The two governments this week opened negotiations seeking to lay to rest events that have bedeviled relations for decades despite the improvement in ties after Libya’s 2003 decision to abandon its pursuit of weapons of mass destruction.

“Representatives of the United States and Libya met in London May 28-29 to begin negotiations on a claims settlement agreement,” the two countries said in a joint statement issued by the State Department. “Both parties affirmed their desire to work together to resolve all outstanding claims in good faith and expeditiously through the establishment of a fair compensation mechanism.”

Two people familiar with the matter who asked not to be named said one idea that has been discussed would be the creation of a global compensation fund to pay families of the American victims of the incidents. These include the bombing of Pan Am Flight 103 over Lockerbie, Scotland, in 1988, which killed 270 people, including 189 Americans, and the 1986 bombing of a West Berlin disco in which two U.S. servicemen were killed.

Libya, which was implicated in both incidents, agreed to pay the families of the Lockerbie victims $10 million per victim. It has paid out $8 million per victim but has not made the final payment of $2 million.

A senior U.S. official said Libya had sought the global settlement talks out of concern about U.S. legislation that gave terrorism victims greater ability to collect damages from governments like Libya by having their assets frozen.

In addition, a U.S. judge in January ordered Libya to pay billions of dollars in damages to relatives of Americans killed in a 1989 suitcase bombing of a French airliner over Niger.

The U.S. official said that there were about eight other incidents involved in addition to those of Lockerbie, the Berlin disco and the French airliner but he did not provide details. The legislation and the January ruling angered Libya, which says it is being punished rather than rewarded for giving up its weapons of mass destruction program, a move that led to a thaw in relations.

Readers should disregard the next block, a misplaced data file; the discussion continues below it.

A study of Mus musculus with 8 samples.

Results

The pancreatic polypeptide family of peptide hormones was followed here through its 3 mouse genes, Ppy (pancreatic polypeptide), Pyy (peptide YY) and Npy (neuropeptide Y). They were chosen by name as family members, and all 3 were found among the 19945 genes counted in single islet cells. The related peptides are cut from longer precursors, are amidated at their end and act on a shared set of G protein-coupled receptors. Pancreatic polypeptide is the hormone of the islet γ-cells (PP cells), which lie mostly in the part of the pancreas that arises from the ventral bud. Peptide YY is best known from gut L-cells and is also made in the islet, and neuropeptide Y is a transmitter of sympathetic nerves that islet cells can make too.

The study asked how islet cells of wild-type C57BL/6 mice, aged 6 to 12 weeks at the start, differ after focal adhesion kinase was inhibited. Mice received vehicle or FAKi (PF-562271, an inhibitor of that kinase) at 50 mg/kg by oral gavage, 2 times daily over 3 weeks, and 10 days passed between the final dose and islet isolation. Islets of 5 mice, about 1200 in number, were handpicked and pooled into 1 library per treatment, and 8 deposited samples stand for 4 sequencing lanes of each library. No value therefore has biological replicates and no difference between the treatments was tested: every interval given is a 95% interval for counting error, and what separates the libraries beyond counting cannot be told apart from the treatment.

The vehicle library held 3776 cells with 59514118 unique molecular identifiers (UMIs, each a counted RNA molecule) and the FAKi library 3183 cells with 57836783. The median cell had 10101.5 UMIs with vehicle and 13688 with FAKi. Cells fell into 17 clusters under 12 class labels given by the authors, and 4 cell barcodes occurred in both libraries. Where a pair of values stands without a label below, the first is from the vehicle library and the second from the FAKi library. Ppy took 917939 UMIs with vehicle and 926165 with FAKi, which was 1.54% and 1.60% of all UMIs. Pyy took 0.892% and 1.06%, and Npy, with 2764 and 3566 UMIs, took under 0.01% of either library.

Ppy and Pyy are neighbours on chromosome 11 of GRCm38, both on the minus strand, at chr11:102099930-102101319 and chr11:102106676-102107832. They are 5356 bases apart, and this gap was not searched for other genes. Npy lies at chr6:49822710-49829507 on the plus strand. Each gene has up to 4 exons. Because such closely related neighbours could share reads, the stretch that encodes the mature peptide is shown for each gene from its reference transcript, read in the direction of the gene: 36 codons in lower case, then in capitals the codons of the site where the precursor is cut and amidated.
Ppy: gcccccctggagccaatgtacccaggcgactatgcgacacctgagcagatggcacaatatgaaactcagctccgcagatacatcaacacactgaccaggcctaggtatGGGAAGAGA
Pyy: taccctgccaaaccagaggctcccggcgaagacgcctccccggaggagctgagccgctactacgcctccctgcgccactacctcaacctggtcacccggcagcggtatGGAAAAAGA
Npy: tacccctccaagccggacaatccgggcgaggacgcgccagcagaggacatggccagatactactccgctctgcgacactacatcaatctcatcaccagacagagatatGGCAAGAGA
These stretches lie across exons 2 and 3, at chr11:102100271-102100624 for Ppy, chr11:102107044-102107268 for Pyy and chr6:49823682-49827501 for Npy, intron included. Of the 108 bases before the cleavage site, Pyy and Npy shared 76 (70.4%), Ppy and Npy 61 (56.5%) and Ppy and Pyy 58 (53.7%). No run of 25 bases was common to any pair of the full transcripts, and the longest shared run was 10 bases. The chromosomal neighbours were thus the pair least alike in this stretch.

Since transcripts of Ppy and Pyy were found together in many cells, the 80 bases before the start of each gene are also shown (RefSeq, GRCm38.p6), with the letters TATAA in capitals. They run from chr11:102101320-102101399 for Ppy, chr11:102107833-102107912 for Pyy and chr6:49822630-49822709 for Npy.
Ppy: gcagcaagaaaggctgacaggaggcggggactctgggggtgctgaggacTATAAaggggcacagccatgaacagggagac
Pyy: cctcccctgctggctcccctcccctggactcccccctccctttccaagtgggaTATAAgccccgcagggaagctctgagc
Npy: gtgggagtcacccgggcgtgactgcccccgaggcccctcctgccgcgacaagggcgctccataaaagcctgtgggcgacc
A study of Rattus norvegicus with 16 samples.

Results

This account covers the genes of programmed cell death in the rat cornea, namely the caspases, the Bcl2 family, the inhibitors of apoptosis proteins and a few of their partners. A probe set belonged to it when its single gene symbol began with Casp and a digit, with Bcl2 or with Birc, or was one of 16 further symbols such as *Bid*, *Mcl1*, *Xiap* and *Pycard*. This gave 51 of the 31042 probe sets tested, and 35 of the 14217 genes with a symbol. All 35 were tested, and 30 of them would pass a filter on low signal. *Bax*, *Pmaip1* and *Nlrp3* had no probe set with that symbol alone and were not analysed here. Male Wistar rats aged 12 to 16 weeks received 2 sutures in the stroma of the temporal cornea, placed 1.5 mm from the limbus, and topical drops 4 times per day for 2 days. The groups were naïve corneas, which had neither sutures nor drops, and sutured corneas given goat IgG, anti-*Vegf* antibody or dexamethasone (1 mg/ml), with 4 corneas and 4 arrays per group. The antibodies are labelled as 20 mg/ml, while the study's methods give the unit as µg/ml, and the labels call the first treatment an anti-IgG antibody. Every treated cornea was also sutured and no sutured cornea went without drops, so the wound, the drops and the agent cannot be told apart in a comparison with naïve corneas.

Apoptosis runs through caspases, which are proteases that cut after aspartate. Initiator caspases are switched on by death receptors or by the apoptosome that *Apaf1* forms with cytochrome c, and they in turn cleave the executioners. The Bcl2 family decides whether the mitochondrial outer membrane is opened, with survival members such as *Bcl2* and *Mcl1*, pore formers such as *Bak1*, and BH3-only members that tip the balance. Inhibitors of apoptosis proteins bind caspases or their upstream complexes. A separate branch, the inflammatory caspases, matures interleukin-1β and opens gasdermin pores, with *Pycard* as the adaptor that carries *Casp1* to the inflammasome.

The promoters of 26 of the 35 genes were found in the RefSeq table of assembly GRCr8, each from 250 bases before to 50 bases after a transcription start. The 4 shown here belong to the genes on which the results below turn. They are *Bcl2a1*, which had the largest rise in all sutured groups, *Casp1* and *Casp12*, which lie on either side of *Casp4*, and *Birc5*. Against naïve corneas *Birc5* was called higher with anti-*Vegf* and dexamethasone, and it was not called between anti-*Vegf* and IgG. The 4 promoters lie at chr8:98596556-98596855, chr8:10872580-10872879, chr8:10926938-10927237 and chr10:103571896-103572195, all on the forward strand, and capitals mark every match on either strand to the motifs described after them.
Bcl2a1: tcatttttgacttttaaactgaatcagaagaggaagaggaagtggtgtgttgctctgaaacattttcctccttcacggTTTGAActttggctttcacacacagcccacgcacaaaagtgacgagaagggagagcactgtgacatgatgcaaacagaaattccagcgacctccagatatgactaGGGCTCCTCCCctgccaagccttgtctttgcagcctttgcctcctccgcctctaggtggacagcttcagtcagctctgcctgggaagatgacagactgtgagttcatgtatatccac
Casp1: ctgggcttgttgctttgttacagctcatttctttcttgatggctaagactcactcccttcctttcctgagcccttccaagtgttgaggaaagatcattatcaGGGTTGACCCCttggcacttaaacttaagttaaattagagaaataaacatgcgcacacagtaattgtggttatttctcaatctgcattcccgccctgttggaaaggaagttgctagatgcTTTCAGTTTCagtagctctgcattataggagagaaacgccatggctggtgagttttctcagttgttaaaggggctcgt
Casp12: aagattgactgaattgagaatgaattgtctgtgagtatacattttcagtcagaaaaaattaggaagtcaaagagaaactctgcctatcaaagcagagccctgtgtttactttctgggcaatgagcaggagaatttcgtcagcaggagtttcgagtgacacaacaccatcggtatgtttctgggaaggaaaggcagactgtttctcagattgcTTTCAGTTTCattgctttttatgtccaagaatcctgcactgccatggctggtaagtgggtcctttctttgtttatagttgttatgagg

In addition, U.S. companies seeking to trade with the North African country say they are unable to do so because of fear of lawsuits that could be slapped on them by Americans seeking to freeze Libyan assets. “They (the Libyans) became concerned … and they came to us to suggest a new way to expedite resolution of all of the cases through a comprehensive settlement agreement,” said the U.S. official, who asked not to be named. He said Washington hoped to resolve the issues “in the shortest possible time” and with greater certainty than court cases and settlement talks, which have dragged on for years.

Jim Kreindler, whose law firm represents 130 of the Lockerbie victims and who chairs the plaintiffs’ committee of lawyers in the case, said he was pleased by the governments’ decision to open talks, but that his clients would insist on being paid the full $2 million they believe they are owed. “All of the clients will be glad to accept a mechanism where the U.S. government is involved in a global resolution provided that … results in the payment of the $2 million that is owed,” Kreindler said in an interview. “I don’t think any of the clients would accept a penny under $2 million.”